My daughter Delaney was born on June 7th, 2015. She was 5lbs 5 ounces. Delaney was pink with curly brown hair and ruby lips. She was right there and yet, she was dead. This beautiful being was placed, eyes closed and peaceful on my belly. My husband and I had the privilege of getting to know her for four hours. I’ve been asked several times since then, “How were you able to give Delaney back to the nurse and leave without her?” My answer is simple. Shock.
The human brain is a miraculous machine and on the singular day that my daughter was born and died, it created a barrier between me and the gut wrenching realization that my child was not ever coming home. And so we left. My machine served me well that day. It did precisely what was necessary for my survival. But, like all machines, they’re vulnerable to hacking and are often reprogrammed with all thoughtful functionality lost.
Through the death of Delaney, I have learned that I’m a “Body Hacker”. I’m able to override my difficult emotions. I disassociate from all things uncomfortable and focus on the story behind my feelings instead of feeling the feeling itself. This in turn keeps me from emotional maturation and transformation.
I’ve been told that losing a child is like losing a limb. A part of you is gone forever. I didn’t experience that. After years of suppressing my emotions, my body stopped trying to get my attention. It barely even differentiated feelings for me. So why now did I want to unearth all of these emotions? I wanted to honor Delaney, my health and the body that longed to nurse and cradle. I also wanted these emotions to transform me, not embarrass me.
It takes a village to return to the un-hacked body and I called all its members. I called the body workers, doctors, therapists, meditation instructors and a pharmacist or two. All of their tasks were the same, to invite me back into my primitive body. This is the body I was born with, before I hacked and hid. This body knows how to rest, how to digest difficult emotions and prod me to stay with them when they arise. This body supports me as I weep and quiets the many voices throughout my life that said “Don’t cry. You’re fine.”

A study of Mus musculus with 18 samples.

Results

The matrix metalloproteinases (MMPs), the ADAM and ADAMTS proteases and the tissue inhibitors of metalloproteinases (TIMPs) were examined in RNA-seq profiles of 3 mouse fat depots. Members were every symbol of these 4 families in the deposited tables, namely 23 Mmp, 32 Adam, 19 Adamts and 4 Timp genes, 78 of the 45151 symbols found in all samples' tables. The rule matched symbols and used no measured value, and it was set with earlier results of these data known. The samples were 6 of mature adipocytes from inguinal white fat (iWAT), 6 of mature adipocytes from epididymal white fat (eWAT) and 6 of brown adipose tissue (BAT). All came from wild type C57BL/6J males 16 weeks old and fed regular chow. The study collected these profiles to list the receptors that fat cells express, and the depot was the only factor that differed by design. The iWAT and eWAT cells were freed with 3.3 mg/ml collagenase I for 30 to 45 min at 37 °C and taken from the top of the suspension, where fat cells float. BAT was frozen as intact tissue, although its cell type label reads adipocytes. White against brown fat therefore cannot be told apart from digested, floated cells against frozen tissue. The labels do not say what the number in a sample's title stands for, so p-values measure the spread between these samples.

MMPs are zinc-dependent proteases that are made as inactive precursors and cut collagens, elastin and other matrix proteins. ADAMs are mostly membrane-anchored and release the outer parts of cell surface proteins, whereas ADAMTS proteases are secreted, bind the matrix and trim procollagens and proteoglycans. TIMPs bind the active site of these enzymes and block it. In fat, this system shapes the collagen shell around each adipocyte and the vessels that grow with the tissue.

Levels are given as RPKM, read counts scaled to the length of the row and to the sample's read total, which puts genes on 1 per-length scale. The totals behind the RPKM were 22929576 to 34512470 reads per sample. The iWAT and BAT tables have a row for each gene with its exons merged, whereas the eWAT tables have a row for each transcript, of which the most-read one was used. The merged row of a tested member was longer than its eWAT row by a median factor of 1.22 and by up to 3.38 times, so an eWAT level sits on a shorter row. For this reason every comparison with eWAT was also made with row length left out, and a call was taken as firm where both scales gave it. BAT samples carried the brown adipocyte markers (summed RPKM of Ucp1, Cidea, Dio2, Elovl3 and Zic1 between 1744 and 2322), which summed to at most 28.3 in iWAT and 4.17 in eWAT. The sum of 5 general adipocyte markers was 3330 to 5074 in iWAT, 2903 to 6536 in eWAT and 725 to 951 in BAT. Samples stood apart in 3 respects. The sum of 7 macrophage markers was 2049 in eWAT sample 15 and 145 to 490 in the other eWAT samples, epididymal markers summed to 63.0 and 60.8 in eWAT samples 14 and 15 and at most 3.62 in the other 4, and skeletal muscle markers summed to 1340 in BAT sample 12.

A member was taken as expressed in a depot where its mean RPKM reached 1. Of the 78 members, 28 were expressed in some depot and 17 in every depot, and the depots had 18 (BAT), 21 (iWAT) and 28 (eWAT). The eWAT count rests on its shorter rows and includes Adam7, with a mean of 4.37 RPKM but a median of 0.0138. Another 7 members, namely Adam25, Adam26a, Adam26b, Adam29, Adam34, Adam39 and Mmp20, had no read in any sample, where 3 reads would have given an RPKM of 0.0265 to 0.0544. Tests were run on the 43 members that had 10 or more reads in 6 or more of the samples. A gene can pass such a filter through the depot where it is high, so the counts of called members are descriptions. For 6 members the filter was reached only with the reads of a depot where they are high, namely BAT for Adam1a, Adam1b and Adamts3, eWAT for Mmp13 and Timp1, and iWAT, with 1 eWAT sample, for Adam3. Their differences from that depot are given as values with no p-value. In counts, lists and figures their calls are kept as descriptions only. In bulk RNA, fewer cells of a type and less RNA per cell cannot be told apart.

Un-hacking the body and allowing my emotion to express itself is a moment to moment practice. I ask myself when an emotion arises, what emotion is this? What does it feel like? Not the story of the emotion but the feeling it evokes. I identify where it’s felt. “It lives in my chest and it’s accompanied by a dull ache”. I feel this emotion with the curiosity of a child and over time I begin to notice that these difficult emotions loosen their grip. When felt and not thought, emotions change and dissolve.
Things that used to hold my anger for months now dissipate in moments. Conscious breathing is another way I support my body’s homecoming. I used it to labor Delaney into this world and I use it to cope with her departure. Whether it is sophisticated meditation or counting breaths from 1 to 20, I have depended on it to pull me back from the throes of anxiety and or the grip of numbness.
When we learn how to be with these emotions, we begin to change. There’s a grounded quality. There is a new presence to the way we show up with people. Our heart opens because we know pain and we recognize it in others, without fear. We can be with them and ourselves authentically and make honest decisions based on nothing but the present moment and our intuition.
Body Hacking is a remarkable survival mechanism likely installed as children when we didn’t have the faculties to work with such big emotions. Most of us have those tools now and can restore our machines to their original factory settings.
Yesterday I cried unabashedly for my daughter, Delaney. It felt like that lost limb I had heard so much about. I welcomed it.